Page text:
One Chaplain’s Perspective
At the beginning of the pandemic last March, I landed in the emergency room at White Plains Hospital, where I’m a staff chaplain, on a gurney wired up to machines monitoring my life functions. At first, the doctors suspected COVID or a heart attack; the cause was probably just anxiety. But here I was the patient, not the chaplain. I felt frightened and vulnerable, as if my life was out of my control and in the hands of others. I decided to pray. I prayed for myself as I do for those patients I visit daily. It comforted and humbled me as I gained a deeper understanding of a patient’s hospital experience. My faith told me I had to trust that I was being held in Christ’s compassionate heart. It was time for me to live my faith. Holding on to my belief gave me hope.
That episode has helped me navigate this pandemic year at the hospital. The scene on that late evening in the emergency room was surreal. I was assessed for admission into the ER in a tent outside the hospital. My partner wasn’t allowed to come in with me. The ER itself was full of sick patients, some with multiple members of their family. We were all kept isolated as much as possible under large red COVID-19 signs that just added to the tension. The hospital staff—wearing air-cooling helmets, N95 masks, face shields and full personal protective equipment (PPE)—looked like they belonged in “Star Wars.” The tension in the room and the whirring of the medical machinery just added to my unease. I was feeling quite alone. What had I walked into? Long after my visit to the ER, the experience stirred more empathy in me for those to whom I minister.
In the pandemic’s early days, we were kept off the patient floors to protect ourselves and others, as well as to save on PPE. Telephone calls to those who were able to answer were challenging. Patients who were very sick found it difficult to talk. It was nearly impossible for me to believe that I was getting through to them, with machines pulsing and beeping in the background. Were any of my words or prayers even heard, much less bringing any comfort?
Eventually, we returned to in-person visits with patients but only in full PPE, including a surgical gown, gloves, head covers, shoe covers and face shields. Imagine how it feels to be ill and to receive someone in your room whose gear and six-foot distance from you only underscore the gravity of the situation? Yet, our patients often express gratitude for our presence and prayer. The clinical staff, trying to provide emotional support while attending to medical needs, welcome us as a necessary part of the patient’s care team.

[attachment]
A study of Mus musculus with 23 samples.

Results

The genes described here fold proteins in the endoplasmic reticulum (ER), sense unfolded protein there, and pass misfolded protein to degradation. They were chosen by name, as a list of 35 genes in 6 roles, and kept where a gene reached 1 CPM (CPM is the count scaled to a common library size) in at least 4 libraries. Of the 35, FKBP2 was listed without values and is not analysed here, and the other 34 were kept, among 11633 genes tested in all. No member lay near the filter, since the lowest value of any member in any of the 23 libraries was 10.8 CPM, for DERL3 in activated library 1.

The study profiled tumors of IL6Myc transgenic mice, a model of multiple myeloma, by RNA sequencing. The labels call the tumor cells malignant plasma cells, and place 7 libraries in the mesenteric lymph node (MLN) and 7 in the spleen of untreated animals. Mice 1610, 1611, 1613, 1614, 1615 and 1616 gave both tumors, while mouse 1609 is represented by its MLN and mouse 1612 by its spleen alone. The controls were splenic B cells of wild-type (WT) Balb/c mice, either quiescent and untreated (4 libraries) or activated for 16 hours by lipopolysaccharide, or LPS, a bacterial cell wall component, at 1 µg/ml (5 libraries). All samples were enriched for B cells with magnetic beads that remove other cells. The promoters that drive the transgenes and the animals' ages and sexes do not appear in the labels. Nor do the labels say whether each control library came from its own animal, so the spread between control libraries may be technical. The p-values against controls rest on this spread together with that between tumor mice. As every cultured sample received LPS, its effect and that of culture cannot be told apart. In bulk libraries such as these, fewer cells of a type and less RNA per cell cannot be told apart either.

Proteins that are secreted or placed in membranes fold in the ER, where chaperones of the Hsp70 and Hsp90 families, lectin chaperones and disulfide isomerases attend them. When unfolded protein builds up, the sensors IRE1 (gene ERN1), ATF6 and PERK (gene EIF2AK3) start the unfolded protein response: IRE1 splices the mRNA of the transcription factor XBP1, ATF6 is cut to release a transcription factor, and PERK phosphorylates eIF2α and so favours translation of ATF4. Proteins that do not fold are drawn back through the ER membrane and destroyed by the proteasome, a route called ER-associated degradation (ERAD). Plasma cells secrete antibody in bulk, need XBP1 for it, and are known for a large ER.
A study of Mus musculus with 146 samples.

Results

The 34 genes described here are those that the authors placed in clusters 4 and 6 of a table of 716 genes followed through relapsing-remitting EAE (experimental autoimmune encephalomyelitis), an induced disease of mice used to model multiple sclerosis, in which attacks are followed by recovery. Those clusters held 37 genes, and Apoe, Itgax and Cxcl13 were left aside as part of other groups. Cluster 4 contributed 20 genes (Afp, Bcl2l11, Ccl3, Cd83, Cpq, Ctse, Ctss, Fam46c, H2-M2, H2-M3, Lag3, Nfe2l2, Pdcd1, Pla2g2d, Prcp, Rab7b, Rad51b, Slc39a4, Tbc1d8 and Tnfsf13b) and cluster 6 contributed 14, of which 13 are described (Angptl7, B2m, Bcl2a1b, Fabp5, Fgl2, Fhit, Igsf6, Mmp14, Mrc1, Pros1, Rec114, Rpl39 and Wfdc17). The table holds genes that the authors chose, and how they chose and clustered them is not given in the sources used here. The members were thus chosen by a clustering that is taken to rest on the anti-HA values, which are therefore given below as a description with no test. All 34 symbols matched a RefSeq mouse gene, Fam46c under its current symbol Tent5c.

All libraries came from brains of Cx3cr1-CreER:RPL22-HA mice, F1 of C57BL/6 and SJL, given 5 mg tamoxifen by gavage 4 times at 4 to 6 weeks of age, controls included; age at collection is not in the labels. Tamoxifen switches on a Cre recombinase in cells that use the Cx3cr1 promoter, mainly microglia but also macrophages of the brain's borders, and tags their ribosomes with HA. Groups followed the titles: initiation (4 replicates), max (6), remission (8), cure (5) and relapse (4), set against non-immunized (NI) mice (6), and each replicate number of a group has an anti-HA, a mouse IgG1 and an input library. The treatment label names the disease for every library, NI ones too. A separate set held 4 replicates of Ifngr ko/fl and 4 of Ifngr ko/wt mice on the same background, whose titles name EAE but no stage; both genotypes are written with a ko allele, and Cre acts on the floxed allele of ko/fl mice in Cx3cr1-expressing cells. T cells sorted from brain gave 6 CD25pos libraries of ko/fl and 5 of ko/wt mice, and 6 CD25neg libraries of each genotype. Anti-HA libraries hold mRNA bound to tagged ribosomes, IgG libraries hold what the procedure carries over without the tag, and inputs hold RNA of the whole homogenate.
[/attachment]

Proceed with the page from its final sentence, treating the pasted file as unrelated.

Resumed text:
Despite the PPE, and now the vaccine for us staffers, we constantly fear transmitting the virus to others. But I’ve placed my personal fears in Christ’s hands. Working as a chaplain during the pandemic has been a blessing.
For me, this ministry was an unexpected journey. I am an “accidental chaplain.” When I was a child, my chronically ill father was all too often in the hospital. I thought I’d rather be anywhere else. As part of the deacon formation program, I was challenged to reckon with my fear. Christ helps us to find strength in our weaknesses. Discovering that I was called to chaplaincy, I never left my hospital field placement. Perhaps my frequent visits to my dad’s hospital room had something to do with this calling. I am certain, though, that Christ helps us to discover strengths hidden by our weaknesses.
Chaplains bring a “ministry of presence” to those who are ill and alone, their lives upended like mine was in the ER that evening a year ago. A visit with a patient in that time of isolation and illness becomes sacred—a path to encountering Christ, the Healer. With both chaplain and patient drinking from the rich fount of God’s grace, the moment becomes intimate and holy, despite the surroundings, the PPE and the social distance. We chaplains know we’re not bearing Christ into a patient’s room. Christ is already there, and we’re joining the patient and Christ in that sacred relationship. Listening, praying, providing companionship and support are the chaplain’s work and ministry—not unlike what we are all called to do as part of our own baptismal covenant.